The Wild Blue Yonder
B-17 over Ann Arbor
A child of the fifties, I grew up on World War II movies like Twelve O'Clock High and Thirty Seconds over Tokyo. Before I wanted to be John Lennon and Keith Richards, I wanted to be Gregory Peck or Spencer Tracy. And I always wondered what it would be like to soar into the wild blue yonder in a B-17.
Now, at Willow Run Airport, I'm about to find out. Even stepping into the back of the silver, seventy-four-foot-long B-17 heavy bomber and climbing past the mounted machine guns over the narrow gangway above the open bomb bay, through the cockpit, and then crawling up into the nose is a thrill.
Then the plane's four huge engines start one by one and the sound inside grows to a sustained roar. As the B-17 taxis down the runway, the past becomes overwhelmingly present. And when the Yankee Lady takes off into the clear afternoon sky, the trip rises to a whole new level of excitement--half a mile up, to be exact--where the view from the plane's transparent nose goes on forever.
We bank left and head west over M-14. First Domino's Farms slides by on our left, and then downtown Ann Arbor comes into full view, the afternoon sun glinting off the Dahlmann Campus Inn and Tower Plaza. As we cruise up the Huron at a leisurely 160 miles per hour, I can see the canoes and sailboats on Barton Pond with amazing clarity.
To give someone else a turn at this spectacular view, I climb back past volunteer pilot Paul Scholl and co-pilot Grant Schwartz and across the gangway above the now-closed bomb bay door. In the plane's waist I meet my host, Dennis Norton, a founding member of the Yankee Air Museum.
The museum began in 1981 with the goal of not just restoring the great warplanes of the past but flying them. They bought the B-17 in 1986 for $250,000 from a company in Arizona that used it to
fight forest fires and apply pesticides, and then spent nine painstaking years restoring it, with all the work done by volunteers and paid for with donations.
We're over Dexter now, and from the waist gunner's window I can see blue tarps on roofs damaged by the March tornado. We bank left over the A&W, head south down Parker Rd., and then bank left again on Scio Church back toward Ann Arbor. With the sun above and behind us, we can see the plane's shadow racing across the farm fields below us.
Norton invited me and ten others up in order to spread the word about the Yankee Air Museum. In 2004, its hangar at Willow Run burned to the ground. Members were able to get the planes out in time, but they lost the rest of the museum's contents, worth over $1 million. They reopened the museum this year in a newly restored building but are still looking to build their own hangar for the planes and a permanent exhibition hall for an estimated cost of $7 million. They aim to raise the money from donations--and from folks who pay $450 each for the thrill of flying in a piece of history.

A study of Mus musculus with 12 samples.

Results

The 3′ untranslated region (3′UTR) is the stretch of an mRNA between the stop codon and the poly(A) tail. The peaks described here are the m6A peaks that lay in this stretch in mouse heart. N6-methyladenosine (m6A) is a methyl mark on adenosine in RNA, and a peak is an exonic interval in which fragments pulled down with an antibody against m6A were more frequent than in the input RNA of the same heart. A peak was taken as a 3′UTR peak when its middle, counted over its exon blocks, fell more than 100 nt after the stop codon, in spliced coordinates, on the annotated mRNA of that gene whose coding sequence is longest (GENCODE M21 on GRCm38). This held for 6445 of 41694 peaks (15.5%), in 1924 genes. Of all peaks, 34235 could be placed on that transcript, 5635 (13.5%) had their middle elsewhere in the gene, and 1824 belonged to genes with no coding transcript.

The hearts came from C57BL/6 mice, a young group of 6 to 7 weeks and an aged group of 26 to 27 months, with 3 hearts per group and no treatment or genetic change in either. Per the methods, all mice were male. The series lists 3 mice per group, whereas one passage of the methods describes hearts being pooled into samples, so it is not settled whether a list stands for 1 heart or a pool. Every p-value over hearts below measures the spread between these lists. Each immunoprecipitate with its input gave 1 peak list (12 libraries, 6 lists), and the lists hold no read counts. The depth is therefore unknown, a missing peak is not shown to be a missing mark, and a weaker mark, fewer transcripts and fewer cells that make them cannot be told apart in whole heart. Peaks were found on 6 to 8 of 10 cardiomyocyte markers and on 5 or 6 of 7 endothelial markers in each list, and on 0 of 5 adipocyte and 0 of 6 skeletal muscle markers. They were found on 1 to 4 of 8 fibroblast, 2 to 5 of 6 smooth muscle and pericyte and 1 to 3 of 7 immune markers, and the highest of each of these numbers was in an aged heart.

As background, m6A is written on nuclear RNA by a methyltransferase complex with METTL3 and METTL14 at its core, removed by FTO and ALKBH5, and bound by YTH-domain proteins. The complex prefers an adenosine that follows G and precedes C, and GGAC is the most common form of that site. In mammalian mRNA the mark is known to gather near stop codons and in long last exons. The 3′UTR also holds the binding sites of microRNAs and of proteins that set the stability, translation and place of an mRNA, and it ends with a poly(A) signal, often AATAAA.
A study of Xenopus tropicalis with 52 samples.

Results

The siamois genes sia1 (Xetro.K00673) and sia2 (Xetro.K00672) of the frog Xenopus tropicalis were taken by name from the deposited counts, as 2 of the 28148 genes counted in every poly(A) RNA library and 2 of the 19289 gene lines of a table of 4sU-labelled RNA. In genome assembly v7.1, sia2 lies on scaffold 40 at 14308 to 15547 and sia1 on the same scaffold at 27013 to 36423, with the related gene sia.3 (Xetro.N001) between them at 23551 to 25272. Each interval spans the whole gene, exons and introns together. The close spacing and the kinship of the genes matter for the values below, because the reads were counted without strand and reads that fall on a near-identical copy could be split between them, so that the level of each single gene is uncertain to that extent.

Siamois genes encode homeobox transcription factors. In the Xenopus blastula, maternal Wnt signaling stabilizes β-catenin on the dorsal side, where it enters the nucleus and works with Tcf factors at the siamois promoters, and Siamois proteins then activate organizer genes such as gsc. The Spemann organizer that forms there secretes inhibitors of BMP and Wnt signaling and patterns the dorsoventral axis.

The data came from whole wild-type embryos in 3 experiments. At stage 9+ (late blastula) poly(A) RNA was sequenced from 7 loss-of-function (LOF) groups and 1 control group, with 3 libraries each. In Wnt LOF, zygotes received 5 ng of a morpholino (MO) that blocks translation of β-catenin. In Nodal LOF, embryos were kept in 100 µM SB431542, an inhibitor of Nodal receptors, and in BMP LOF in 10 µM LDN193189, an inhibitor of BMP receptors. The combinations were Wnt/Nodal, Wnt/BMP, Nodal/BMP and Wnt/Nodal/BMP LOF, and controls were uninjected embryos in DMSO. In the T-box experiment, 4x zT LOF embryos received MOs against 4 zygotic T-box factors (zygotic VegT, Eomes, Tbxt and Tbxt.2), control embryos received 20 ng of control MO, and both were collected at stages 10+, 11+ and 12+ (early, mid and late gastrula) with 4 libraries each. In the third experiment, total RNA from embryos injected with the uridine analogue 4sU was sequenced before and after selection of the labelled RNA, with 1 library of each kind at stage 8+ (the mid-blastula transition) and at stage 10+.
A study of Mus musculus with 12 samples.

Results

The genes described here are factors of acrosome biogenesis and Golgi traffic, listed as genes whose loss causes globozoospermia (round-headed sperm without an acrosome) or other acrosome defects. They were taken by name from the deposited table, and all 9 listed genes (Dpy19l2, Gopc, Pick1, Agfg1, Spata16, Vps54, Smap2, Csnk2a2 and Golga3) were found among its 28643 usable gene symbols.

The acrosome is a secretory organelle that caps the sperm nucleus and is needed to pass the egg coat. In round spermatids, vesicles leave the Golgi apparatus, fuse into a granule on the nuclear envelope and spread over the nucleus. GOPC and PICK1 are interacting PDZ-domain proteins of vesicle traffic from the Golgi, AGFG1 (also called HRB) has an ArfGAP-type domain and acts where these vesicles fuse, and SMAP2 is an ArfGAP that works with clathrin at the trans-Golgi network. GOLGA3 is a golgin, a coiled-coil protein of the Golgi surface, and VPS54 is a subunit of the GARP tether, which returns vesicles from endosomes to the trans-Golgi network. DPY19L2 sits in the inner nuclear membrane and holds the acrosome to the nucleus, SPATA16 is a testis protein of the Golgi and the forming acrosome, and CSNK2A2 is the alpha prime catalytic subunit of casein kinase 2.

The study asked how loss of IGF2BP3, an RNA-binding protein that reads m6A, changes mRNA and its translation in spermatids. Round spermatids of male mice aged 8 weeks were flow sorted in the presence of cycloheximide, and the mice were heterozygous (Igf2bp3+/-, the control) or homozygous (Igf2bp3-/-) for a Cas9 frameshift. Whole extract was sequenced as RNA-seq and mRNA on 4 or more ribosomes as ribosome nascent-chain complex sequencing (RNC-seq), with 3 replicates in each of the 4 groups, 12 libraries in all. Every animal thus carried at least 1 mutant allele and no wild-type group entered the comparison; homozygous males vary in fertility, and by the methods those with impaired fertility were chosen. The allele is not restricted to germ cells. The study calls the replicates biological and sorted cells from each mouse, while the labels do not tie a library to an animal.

And the B-17 is truly historic. Along with the B-24, built at Willow Run, the bomber played a crucial role in winning the war in Europe. With a crew of ten, mostly kids fresh out of high school, B-17s in flights of hundreds would sweep from bases in England deep into Germany. In the beginning, losses were staggering: up to a quarter of the planes sent out on those missions never returned, shot down by flak or fighters. But the B-17's legendary durability, plus the thirteen 50-caliber machine guns that gave it the nickname "Flying Fortress," earned it the affection and respect of its crews.
The Yankee Lady is a B-17G, the version that formed the heart of the bomber's production run. Of 8,680 made, only nine are still flying. Crew chief Norm Ellickson says even with volunteer labor, it costs about $2,500 an hour to put her in the air. The plane currently logs 150 flight hours annually from May through September, most of them at air shows across the country. But she'll be back August 4 and 5 for the Thunder Over Michigan airshow at Willow Run, where she'll be joined by the museum's own B-25 bomber and C-47 transport, plus Mustang and Thunderbolt fighters and Fifi, the only B-29 "Super Fortress" still flying.
Now we're back over Ann Arbor, with Pioneer High School and the Big House to our left and all of southern Michigan down to Ohio spread out on our right. We bank again gently and descend slowly toward Willow Run. My fellow passengers have been moving around in the plane during the flight, and an older guy in great shape sits down across from me. I recognize his face from a display in Pioneer High School: he's Jack Lousma, former Space Shuttle Columbia commander and Skylab astronaut. And he looks as completely mind-blown as everybody else.
When we touch down and taxi back to the hangar, none of us wants to leave. We linger while the next group climbs aboard, then watch as the Yankee Lady takes off once again, climbing high into the sun.
[Originally published in August, 2012.]